Just before the year ends, we thought we would look ahead to what’s coming in 2023.
Some of what we have to look forward to is NSW specific, and others apply nationwide.
New Building Code – 1 May 2023
On the national front, the new building code will come into effect in 2023. It is in fact the 2022 code but there are various adoption dates. Most of the code is due to come into effect on 1 May 2023.
NCC/BCA Residential Buildings – 1 October 2023
The new liveable house, energy efficiency and condensation mitigation requirements commence on 1 October 2023.
In summary, the changes will include:
- A new minimum level of thermal performance equivalent to “7 stars” NatHERS thermal performance, to improve the thermal comfort of homes year-round.
- A new annual energy use budget that provides a flexible approach to encouraging the selection of more efficient equipment.
In NSW much of the planned changes to the code are already dealt with in BASIX. The trend is the code and BASIX are converging.
NCC/BCA Commercial Buildings
On the commercial building side, the changes to the code include:
- New Performance Requirements now require certain buildings to have features which facilitate the future installation of on-site renewables and electric vehicle charging (B1P1(2)) and J1P4 of Volume One).
- The NABERS Energy Verification Method is expanded to Class 2 common areas, Class 3 buildings and Class 6 shopping centres (J1V1 of Volume One (2019: JV1)).
- New DTS Provisions to facilitate the future installation of electric vehicle charging equipment in carparks associated with Class 2, 3, 5, 6, 7b, 8 or 9 buildings (J9D4 of Volume One).
- New DTS Provisions to facilitate the future installation of solar photovoltaics and battery storage (B1D3(a) and J9D5 of Volume One). This excludes houses.
For those of us using the code on a daily basis the big change is that the numbering system for every clause is changing. The new system is more rational but when you are used to the current clause numbering system any change is a challenge!
NSW – A New Policy – State Environmental Planning Policy (Sustainable Buildings) 2022
As part of NSW governments target to reduce greenhouse gas emissions by 50 per cent by 2030 (compared to 2005 levels) and net zero emissions by 2050, the NSW state government has introduced this new SEPP. In turn, the new SEPP aim is to minimise the consumption of energy and potable water, reduce greenhouse gas emissions from energy use, monitor the embodied emissions of building materials, and deliver buildings that are comfortable in summer and winter.
The SEPP will include new requirements for both residential and non-residential buildings assessed under a Development Application. It will also incorporate the current SEPP (Building Sustainability Index: BASIX) 2004, therefore the current BASIX SEPP will be repealed.
New sustainability provisions for non-residential buildings will also arrive. However, the extent of these requirements will depend upon the scale and type of development proposed. To align with the Policy, accompanying the new SEPP will bring about amendments to associated Environmental Planning and Assessment (EP&A) Regulations.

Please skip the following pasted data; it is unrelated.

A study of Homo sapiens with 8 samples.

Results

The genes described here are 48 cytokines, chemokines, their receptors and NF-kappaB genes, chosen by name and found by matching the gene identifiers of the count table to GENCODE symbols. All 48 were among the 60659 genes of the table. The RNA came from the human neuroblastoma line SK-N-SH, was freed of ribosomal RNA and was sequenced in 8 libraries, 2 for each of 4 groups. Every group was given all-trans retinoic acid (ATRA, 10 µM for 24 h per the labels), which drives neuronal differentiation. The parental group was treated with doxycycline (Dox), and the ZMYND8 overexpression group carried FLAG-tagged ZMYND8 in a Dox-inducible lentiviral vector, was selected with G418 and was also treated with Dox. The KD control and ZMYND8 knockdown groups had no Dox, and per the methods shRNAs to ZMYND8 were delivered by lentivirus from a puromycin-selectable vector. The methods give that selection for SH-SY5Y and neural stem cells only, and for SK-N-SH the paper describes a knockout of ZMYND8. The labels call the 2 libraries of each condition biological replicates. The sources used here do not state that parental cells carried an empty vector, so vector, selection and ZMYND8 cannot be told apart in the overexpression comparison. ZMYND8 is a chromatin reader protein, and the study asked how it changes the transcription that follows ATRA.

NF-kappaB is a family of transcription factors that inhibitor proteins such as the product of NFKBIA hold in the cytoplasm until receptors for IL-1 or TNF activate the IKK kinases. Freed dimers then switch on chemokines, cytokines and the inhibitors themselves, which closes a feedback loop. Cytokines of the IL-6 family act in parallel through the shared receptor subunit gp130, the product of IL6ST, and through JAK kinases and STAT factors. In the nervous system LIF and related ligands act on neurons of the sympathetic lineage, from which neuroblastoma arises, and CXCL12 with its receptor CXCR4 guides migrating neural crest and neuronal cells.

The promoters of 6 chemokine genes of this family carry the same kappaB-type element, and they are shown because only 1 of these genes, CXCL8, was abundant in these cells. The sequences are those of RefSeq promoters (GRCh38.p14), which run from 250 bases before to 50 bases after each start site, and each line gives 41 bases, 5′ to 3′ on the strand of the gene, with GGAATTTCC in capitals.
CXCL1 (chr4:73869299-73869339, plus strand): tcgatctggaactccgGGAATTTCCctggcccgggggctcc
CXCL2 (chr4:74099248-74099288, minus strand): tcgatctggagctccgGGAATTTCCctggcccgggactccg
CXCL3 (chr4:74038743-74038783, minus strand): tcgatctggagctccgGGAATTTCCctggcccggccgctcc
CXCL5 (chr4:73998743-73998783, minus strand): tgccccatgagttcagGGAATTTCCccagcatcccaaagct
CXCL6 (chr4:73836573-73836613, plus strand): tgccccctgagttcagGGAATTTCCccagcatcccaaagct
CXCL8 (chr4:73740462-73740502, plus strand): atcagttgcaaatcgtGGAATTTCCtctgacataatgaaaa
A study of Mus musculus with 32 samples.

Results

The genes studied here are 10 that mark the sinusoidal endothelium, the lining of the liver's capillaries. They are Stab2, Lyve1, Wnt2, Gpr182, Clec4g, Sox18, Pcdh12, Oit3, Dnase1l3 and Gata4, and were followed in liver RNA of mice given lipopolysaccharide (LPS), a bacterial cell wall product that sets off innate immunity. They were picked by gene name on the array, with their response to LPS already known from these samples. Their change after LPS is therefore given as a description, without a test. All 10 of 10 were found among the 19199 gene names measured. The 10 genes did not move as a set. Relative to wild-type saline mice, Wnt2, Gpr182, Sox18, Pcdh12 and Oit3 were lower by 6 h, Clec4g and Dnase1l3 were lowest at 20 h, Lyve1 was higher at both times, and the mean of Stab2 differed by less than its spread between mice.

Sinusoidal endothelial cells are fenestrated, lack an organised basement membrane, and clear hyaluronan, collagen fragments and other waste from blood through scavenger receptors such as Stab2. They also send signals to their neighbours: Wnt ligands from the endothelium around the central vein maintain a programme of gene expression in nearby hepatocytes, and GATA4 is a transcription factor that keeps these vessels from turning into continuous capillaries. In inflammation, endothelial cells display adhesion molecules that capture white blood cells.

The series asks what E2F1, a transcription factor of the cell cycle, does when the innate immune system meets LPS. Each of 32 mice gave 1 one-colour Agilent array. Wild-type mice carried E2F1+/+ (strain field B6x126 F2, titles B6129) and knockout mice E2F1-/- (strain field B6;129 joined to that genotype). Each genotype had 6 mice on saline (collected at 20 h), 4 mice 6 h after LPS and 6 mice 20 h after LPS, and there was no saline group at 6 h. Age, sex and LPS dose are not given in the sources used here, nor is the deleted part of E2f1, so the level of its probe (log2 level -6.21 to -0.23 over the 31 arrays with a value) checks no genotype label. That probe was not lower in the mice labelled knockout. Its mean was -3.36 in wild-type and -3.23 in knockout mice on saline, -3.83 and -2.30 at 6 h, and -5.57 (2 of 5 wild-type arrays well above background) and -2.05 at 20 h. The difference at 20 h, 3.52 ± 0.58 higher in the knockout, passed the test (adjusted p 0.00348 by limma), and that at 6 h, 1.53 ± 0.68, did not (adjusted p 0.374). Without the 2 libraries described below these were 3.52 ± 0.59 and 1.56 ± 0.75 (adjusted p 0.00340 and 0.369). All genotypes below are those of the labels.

Residential Component (BASIX)
Updating the BASIX standards are geared to further improve the thermal performance of homes. Key changes to existing BASIX standards for new residential buildings are an increase of the thermal performance standard from an average of 5.5-6 stars to 7 stars NatHERS rating, and an increase of between 7-11% in greenhouse gas reduction, however this standard varies depending on location and type of residential development proposed.
The BASIX standards are consistent and complementary to those in the proposed National Construction Code (NCC) 2022, so don’t forget to check in with the NSW variation in the NCC for relevant provisions relating to BASIX buildings – BASIX does not completely replace the BCA in NSW, as so often is the misguided perception! The BASIX online tool will be updated and there will be the introduction of a materials index to measure embodied emissions of construction materials.
The sustainability provisions for non-residential development are new and include general provisions for waste minimisation, reduction of energy and water, storage and generation of energy. Mandatory embodied emissions reporting will also be required at DA and again if changes are made at CC stage. The embodied emissions reporting will involve disclosure of quantity of materials used and associated embodied emissions. The material quantities are to be certified by a quantity surveyor, qualified designer or engineer. These new measures will apply to all non-residential developments and may influence early submissions of Section J reports at DA stage.
Further requirements for large commercial developments and certain State Significant Development include a Net Zero Statement to provide evidence that the development does not use fossil fuels or is capable of transitioning by 2035. Energy and water performance verification will also apply to large commercial development. This is to be demonstrated by identifying the method used under Section J of the BCA at DA stage with a follow up Section J report at CC stage, entering into a NABERS commitment agreement, and obtaining a NABERS energy assessment within 24 months of occupation.
The Sustainable Buildings SEPP and Regulation amendments will commence on 1 October 2023 which lines up with the NCC/BCA adoption dates.
We will go into more detail on the various aspects of all the changes in the New Year.